Thursday, 14 June, 2012 | 18:08 WIB
Dealing with Dirty Indonesian Cities
TEMPO Interactive, Jakarta:Protesting against the ‘dirtiest city’ title bestowed upon their cities by the Environment Ministry, residents from Bandar Lampung and Bekasi have reacted immaturely.
Not everyone is ready to receive criticism and instead of deciding to improve their cities to win the Adipura award for one of the cleanest cities, the residents have demanded the title be revoked.
Strangely, the ministry conceded and claimed the Adipura Examination Board never gave out the ‘dirtiest city’ title. The board, led by Sarwono Kuwumaatmadja, said the two cities only ‘received the lowest scores in their environmental assessment’—in other words: the dirtiest cities.
The term ‘dirtiest city’ was indeed not the official term used. The Adipura Board only lists cities based on an index, which ranks them from the cleanest and tidiest to the dirtiest and most disorganized. The appraisals, including the bad ones, were not conducted this year only.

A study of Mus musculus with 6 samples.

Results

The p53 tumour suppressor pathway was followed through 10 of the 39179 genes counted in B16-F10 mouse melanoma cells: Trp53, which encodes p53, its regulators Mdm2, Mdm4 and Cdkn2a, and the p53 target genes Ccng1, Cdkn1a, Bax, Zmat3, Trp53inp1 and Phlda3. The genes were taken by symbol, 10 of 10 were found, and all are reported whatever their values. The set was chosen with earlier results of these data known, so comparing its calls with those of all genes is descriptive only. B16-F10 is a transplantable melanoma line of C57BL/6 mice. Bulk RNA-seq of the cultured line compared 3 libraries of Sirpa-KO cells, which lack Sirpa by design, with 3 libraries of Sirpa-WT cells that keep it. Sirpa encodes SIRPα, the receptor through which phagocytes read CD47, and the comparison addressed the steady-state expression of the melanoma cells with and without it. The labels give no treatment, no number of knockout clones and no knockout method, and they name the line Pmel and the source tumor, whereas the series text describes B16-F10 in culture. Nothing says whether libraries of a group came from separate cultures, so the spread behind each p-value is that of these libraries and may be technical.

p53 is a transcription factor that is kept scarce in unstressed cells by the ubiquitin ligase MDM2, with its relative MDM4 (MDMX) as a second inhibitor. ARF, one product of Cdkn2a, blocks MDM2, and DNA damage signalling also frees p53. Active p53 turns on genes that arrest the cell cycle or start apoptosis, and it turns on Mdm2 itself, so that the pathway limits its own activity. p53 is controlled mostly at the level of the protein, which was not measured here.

In 2005, Depok, Tangerang, Palembang, Bandar Lampung, Batam and Bogor were ranked lowest. The low ranking saw some cities clean up their act, but others demanded the board revoke the bad appraisal.
In 2005, Tangerang, Palembang and Batam all received the lowest scores. The cities have since worked to boost their image and the first two won an Adipura award this year. Batam, on the other hand, received the award three years in a row from 2007 to 2009.
The Adipura award is intended to encourage cities to improve their cleanliness, to become greener and more hospitable. So, the Adipura Board should not be hesitant in giving low rankings to cities that are dirty. The purpose is not to discredit the cities but to remind city administrators and residents to make improvements to their environment.
This spirit needs to be kept alive. The Adipura Board should not yield easily to objections from cities that are ranked poorly by the board. Objections are accepted but the board must be consistent with its assessment. Residents should also be more mature in accepting bad reviews because if they are prepared to win if their cities are rated as the cleanest, the residents should also be prepared to receive lower ratings if their cities are below par.